For the past 25 years, bighorn sheep in the Tendoy Hunting District of Montana have been plagued with pneumonia. This disease is a top cause of mortality among the sheep and is extremely difficult to eradicate from a herd, since it can be carried by healthy members. The Tendoy sheep first became ill in 1993 and experienced another large-scale die-off in 1997. Since then, attempts have been made three times to bring new sheep into the herd, with no success.
This June, FWP proposed to depopulate the region of the remaining 30 to 40 sheep with the help of local hunters. If this legislation is passed, no quota will be issued and the hunting season will take place from the first Saturday in September of 2015 to the Sunday after Thanksgiving. Licenses will cost $125 for residents and $750 for non-residents. All harvesting will need to be reported to the FWP and all rams of one-half curls or greater will have to have their horns plugged to show they were hunted legally.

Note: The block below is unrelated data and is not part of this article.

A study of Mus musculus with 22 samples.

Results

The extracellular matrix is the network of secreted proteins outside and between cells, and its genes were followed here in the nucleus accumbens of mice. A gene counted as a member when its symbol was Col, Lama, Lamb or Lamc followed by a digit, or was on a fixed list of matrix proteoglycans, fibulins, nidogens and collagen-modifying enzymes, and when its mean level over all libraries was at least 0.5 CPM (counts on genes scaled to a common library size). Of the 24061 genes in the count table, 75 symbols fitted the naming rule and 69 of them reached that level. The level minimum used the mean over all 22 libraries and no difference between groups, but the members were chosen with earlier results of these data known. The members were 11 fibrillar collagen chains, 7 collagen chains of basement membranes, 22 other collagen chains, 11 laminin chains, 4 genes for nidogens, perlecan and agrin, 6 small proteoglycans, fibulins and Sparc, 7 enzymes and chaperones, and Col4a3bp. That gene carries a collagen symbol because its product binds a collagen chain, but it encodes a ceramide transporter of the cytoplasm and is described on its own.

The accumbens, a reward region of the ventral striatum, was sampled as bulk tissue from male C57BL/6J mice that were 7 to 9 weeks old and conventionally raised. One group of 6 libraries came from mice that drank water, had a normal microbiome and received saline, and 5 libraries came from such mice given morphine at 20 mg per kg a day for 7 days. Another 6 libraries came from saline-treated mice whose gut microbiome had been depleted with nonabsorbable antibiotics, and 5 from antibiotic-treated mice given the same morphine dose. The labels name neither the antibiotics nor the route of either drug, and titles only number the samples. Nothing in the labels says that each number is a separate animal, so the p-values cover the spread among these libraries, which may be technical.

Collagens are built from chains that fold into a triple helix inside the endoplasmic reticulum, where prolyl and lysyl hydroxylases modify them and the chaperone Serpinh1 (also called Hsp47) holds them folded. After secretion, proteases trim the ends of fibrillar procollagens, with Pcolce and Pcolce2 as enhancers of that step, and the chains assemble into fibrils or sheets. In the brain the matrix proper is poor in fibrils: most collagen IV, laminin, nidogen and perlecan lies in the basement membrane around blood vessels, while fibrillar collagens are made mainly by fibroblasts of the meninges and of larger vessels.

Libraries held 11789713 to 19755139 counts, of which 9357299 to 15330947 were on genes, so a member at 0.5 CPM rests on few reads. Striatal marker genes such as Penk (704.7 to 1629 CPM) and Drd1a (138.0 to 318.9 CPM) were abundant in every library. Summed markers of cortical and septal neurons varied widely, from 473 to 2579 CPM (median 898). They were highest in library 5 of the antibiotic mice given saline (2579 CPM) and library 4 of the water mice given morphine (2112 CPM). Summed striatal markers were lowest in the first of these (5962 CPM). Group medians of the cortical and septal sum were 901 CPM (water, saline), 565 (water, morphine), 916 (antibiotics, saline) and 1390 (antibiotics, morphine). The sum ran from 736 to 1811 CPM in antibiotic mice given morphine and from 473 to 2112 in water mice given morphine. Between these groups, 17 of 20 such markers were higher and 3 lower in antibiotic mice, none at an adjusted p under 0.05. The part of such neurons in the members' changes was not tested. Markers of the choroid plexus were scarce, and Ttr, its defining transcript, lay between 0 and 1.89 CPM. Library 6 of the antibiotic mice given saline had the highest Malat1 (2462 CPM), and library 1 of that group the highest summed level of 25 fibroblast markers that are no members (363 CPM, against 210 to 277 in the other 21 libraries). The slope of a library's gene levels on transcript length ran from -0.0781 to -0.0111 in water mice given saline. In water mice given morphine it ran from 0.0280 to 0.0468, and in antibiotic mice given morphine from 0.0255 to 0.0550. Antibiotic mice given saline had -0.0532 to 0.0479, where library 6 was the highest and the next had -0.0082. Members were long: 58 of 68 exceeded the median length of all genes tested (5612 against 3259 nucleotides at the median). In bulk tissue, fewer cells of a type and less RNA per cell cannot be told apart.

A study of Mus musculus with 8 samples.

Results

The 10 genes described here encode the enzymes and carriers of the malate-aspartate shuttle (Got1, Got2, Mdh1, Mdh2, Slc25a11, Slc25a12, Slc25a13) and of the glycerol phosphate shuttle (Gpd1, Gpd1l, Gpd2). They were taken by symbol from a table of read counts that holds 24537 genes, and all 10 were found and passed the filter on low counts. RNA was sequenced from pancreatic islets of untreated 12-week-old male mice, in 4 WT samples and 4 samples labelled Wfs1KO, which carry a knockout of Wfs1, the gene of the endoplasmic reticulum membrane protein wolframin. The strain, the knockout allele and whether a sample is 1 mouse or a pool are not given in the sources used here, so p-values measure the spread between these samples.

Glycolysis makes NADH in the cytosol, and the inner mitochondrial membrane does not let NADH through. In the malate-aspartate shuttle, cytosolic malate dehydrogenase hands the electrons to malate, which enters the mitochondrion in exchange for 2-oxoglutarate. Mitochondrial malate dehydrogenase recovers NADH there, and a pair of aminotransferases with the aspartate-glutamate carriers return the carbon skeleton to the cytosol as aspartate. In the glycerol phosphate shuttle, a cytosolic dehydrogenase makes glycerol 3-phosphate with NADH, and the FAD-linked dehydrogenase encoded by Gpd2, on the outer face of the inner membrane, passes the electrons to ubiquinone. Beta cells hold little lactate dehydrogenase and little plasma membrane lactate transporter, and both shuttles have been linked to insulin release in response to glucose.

After the hunting period is over, FWP will remove all remaining Tendoy bighorns by aerial gunning, with the meat being donated to local food banks. The area will be repopulated with a healthy herd of about 50 Montana sheep the winter after the complete depopulation is finished.
A public meeting was held to discuss the proposal in May, with twelve individuals in attendance. The final decision on this matter was made in early July, and Montana’s Fish and Wildlife Commission has approved the sale of over-the-counter bighorn sheep licenses for Hunting District 315. Licenses are available for purchase for two weeks, beginning August 3.